Phase 2B Study Explores I/O Vaccine for Treatment of Newly Diagnosed Glioblastoma Patients

After treatment with SurVaxM in patients with newly diagnosed glioblastoma significantly improved survival, investigators are continuing the evaluation of the agent in a phase 2b clinical trial.

Ajay Abad, MD

Ajay Abad, MD

SurVaxM, a peptide mimic immunotherapy is being investigated for the treatment of patients with newly diagnosed glioblastoma in the phase 2b SURVIVE clinical trial (NCT05163080), according to a press release issued by Roswell Park Comprehensive Cancer Center.1

In a prior study, treatment with SurVaxM in patients with newly diagnosed glioblastoma significantly improved survival. During the study (NCT024455557), 63 patients were evaluated for 6-month progression-free survival (PFS), 12-month overall survival (OS), and immunologic response. Results showed that 96.8% of patients did not experience disease progression within 6 months of treatment, and the 12-month OS rate was 93.5% compared with 65% observed with historical controls. The median OS was 14.7 months.2

Further, the immunogenicity of the vaccine was promising, and the toxicities were limited.

In the prospective, randomized, placebo-controlled, multi-center SURVIVE trial, investigators will assess 265 patients with newly diagnosed glioblastoma on treatment with SurVaxM with sargramostim plus adjuvant oral temozolomide (Temodar) in the experimental arm or saline-montanide emulsion plus adjuvant oral temozolomide in the comparator arm. The primary end point of the study is OS, and the secondary end points include the number of grade 3/4 toxicities, PFS, OS at specified time points, and PFS at specified time points. Exploratory end points to be assessed in the study include predictive value of perfusion-weighted imaging, objective image-based tumor response rate, and evaluate molecular predictors of response to SurVaxM.3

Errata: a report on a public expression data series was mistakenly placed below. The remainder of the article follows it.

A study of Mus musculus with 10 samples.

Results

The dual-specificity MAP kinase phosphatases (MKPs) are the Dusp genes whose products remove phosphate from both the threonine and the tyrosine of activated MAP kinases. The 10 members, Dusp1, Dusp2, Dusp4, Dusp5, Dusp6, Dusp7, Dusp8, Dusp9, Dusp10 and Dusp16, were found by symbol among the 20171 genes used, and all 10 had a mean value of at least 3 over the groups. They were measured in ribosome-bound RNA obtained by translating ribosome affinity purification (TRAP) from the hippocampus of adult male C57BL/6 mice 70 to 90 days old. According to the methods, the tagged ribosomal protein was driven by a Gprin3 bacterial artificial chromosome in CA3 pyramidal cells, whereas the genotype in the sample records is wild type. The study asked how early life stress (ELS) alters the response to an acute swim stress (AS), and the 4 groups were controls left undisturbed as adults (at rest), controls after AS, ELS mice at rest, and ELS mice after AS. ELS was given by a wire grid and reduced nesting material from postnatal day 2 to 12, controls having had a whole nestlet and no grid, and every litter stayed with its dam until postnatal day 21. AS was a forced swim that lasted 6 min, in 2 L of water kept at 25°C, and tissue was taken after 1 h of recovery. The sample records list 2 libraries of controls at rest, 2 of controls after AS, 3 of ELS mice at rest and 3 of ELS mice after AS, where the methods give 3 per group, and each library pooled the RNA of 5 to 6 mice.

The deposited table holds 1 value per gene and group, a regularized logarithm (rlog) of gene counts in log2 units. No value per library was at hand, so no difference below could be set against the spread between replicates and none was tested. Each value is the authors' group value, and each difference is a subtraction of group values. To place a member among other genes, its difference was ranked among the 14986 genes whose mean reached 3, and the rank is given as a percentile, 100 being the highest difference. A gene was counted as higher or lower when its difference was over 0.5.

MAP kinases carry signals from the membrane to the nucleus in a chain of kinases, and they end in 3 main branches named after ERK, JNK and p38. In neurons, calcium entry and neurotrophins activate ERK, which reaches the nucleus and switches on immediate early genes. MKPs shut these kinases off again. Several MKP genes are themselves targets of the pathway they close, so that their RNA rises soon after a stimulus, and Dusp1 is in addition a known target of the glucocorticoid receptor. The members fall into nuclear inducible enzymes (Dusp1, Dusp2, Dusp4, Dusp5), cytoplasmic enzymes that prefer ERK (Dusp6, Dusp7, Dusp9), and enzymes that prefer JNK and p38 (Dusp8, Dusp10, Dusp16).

“For years, we’ve struggled to move the needle as far as good treatment options for glioblastoma. Our hope is that SurVaxM will offer patients both longer survival and better quality of life,” said, principal investigator Ajay Abad, MD, a neurologic oncologist and faculty member in the Department of Neuro-Oncology, and assistant professor at Roswell Park Comprehensive Cancer Center, in the press release.1 “To hopefully be on the precipice of meaningful progress against glioblastoma and to be able to possibly see my patients outside of the hospital—years after their diagnosis—would be incredible.”

To be included in the study, patients must be 18 years of age or older with a Karnofsky performance status ≥ 70, pathologically confirmed diagnosis of glioblastoma of the cerebrum, adequate laboratory values, and available results from a tumor MGMT methylation and a tumor IDH1 mutation test.3

In terms of prior treatment, patients must have completed initial radiation therapy and be 16 weeks post-surgery. Patients must not show evidence of progressive disease post chemoradiation and those on dexamethasone at enrollment must be receiving less than 4 mg daily.

The study includes patients with previously treated glioblastoma and other brain cancers. Patients who previously received prior immunotherapy, tumor treating fields, or bevacizumab (Avastin) are ineligible to enroll as are patients with certain infections or disorders that may interfere with the investigational study treatment.

Currently, patients who meet the inclusion criteria are being recruited at the Roswell Park Comprehensive Cancer Center in Buffalo, New York as well as Atlantic Health in Summit, New Jersey, and the Dana-Farber Cancer Institute in Boston, Massachusetts.


1. Roswell Park opens phase 2B randomized clinical trial of promising brain cancer immunotherapy. News release. Roswell Park Comprehensive Cancer Center. February 4, 2022. Accessed February 7, 2022.

2. Phase II trial shows favorable response for patients receiving combination therapy with SurVaxM. News release. Roswell Park Comprehensive Cancer Center. June 1, 2019. Accessed February 7, 2022.

3. SurVaxM plus adjuvant temozolomide for newly diagnosed glioblastoma (SURVIVE). Accessed February 7, 2022.